Interview with a Product Labelling Specialist [Part 1]

From an idea to reality – A day in the life of a product label expert

Amy Elwell started her career in fashion as a trims buyer, managing the process of sourcing everything from clothes labels to fringes. She then moved into procurement and product management.

Amy Elwell - Product Label Specialist Amy Elwell - Product Label Specialist

Sourcing product labels, amongst other things, is a thoroughly rewarding job as you get to see a product go from an idea to reality. One of the beautiful things about it is that on looking at the finished product, I know that the consumer will view it in a very different way to how I do. They can’t quite imagine the blood, sweat and tears that has actually gone into it (not to mention the hundreds of decisions made at my level), but it works, because ‘it just does’. Making something appear ‘seamless’ in the way it has transformed from a concept to something concrete is to me what makes something a success. It might be revolutionary, but I like to make it look easy!

There are a number of traits that you need to have to be in my job. You need to be open-minded, and a good listener. You are always learning, analysing, and revisiting. The ability to take other people’s thoughts and opinions (and perhaps even constructive criticism) on board is crucial, yet the ability to make the final decision concisely and confidently is also key. Good analytical skills are critical to look at a product and decide what it really needs.

You need to be a good communicator. You’re often ‘in the middle’ – bridging every department that ‘touches’ the product. You might be working with Managing Directors, Sales Teams, Marketing, Customer Service, Design, Operations, and more. Often, they’ll have different points of view, so you have to be prepared to fight your corner whilst also acknowledging other people’s frustrations and needs.

So what does the person in charge of product labelling actually do? Well, most of their role is focused on delivering solutions to market needs, whilst keeping budget considerations in mind. They need to identify a labelling solution that meets the product’s needs. Then, they’ll need to assist marketing in launching that product into the market, whilst also overseeing other products that are already on the shelves.

So, if I was sourcing a new product label, typically where would I start? 



You need to have a real in-depth understanding of your market. Who is your target audience? What do they want, like, respond to? Where do they buy, how do they buy? What are competitors doing? What can we do better? It might seem like I’m reenacting my own episode of Question Time, but it really is so important to do your research.

One of the biggest mistakes product managers can make is to partake in a game of ‘Chinese Whispers’. The customer tells the sales team that when it comes to instructions, they’d like them in a larger font size on the label, to make them easier to read. The sales team then tells marketing they’d like a different font on the label. Marketing then tells you that they’d like a new font layout on the label. Can you see where I’m going with this? It is important that you do your own research to find out exactly what changes you need to make and why. Ask targeted questions, and challenge assumptions. Leverage the knowledge of experts inside and outside the company.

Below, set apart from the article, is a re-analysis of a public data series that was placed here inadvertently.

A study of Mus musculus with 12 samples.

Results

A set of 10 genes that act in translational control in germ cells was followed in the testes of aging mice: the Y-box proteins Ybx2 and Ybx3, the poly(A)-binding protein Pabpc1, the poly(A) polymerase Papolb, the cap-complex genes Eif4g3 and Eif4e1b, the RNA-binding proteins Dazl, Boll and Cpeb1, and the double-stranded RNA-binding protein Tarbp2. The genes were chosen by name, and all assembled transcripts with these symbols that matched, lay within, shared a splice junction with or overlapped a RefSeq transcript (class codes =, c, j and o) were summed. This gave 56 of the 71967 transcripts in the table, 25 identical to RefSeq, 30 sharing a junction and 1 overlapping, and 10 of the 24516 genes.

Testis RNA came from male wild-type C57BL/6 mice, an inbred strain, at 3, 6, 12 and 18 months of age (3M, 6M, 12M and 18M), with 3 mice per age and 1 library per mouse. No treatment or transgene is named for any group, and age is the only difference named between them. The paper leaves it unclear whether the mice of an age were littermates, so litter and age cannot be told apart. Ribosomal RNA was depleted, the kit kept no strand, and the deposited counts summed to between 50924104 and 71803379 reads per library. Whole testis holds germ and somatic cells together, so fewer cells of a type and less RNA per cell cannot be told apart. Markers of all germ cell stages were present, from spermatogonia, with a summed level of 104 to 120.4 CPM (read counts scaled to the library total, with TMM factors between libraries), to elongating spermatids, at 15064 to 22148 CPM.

Ever heard of fashion over function? It’s something I’m victim to every Saturday night (and I always end up wishing I had listened to my mother)!

Often, you can get so carried away with how something looks that you start to forget all about function, or worse; that horrible ‘B’ word (budget). But that looks soooooo nice, does an extra 2p per label really matter? The answer is yes, it really does. It might look and work great, but no sales guy is going to thank you when they can’t sell the thing. Splashing out on the small things will add up, and no Managing Director likes a pricey product with a small profit margin. Before you even start looking at labelling options, set a realistic budget, and stick to it.



Next comes thinking about materials, aesthetics… that sort of thing. Do you want to print your own labels? What material do they need to be to stay on the product? How long will the labels last? Will they last with the product? How will they be assembled? Do you want them to be removable? If not, can they be removed? What look are you going for, matt or high gloss?

See a familiar pattern here? We’re back to Question Time. I can’t reiterate enough though, how important it is to have a checklist drawn out before you start to explore suppliers.


Ask the experts

Ok, so I have been working in this field for years, but no one knows more than the actual labelling manufacturers themselves. Now you have your checklist, a quality labelling supplier will be able to guide you through which options are best suited to your needs. Often, they will provide samples for you to have a look at. Most of all, you want to ensure that you are getting a high quality label at a competitive price. Shop around, but make sure you set yourself a realistic timeframe of when the project will start and when it will end – remember, the more time it takes for you to get the product to market, the less your company is making on sales (and the more your Managing Director will be on your back trying to make it happen).

So we’ve done our research, we’ve made a checklist, and we’ve called the experts in. What’s next? Next week, I’ll be talking you through what you might need on a label to make it a success, and giving advice on testing and the review and approval process.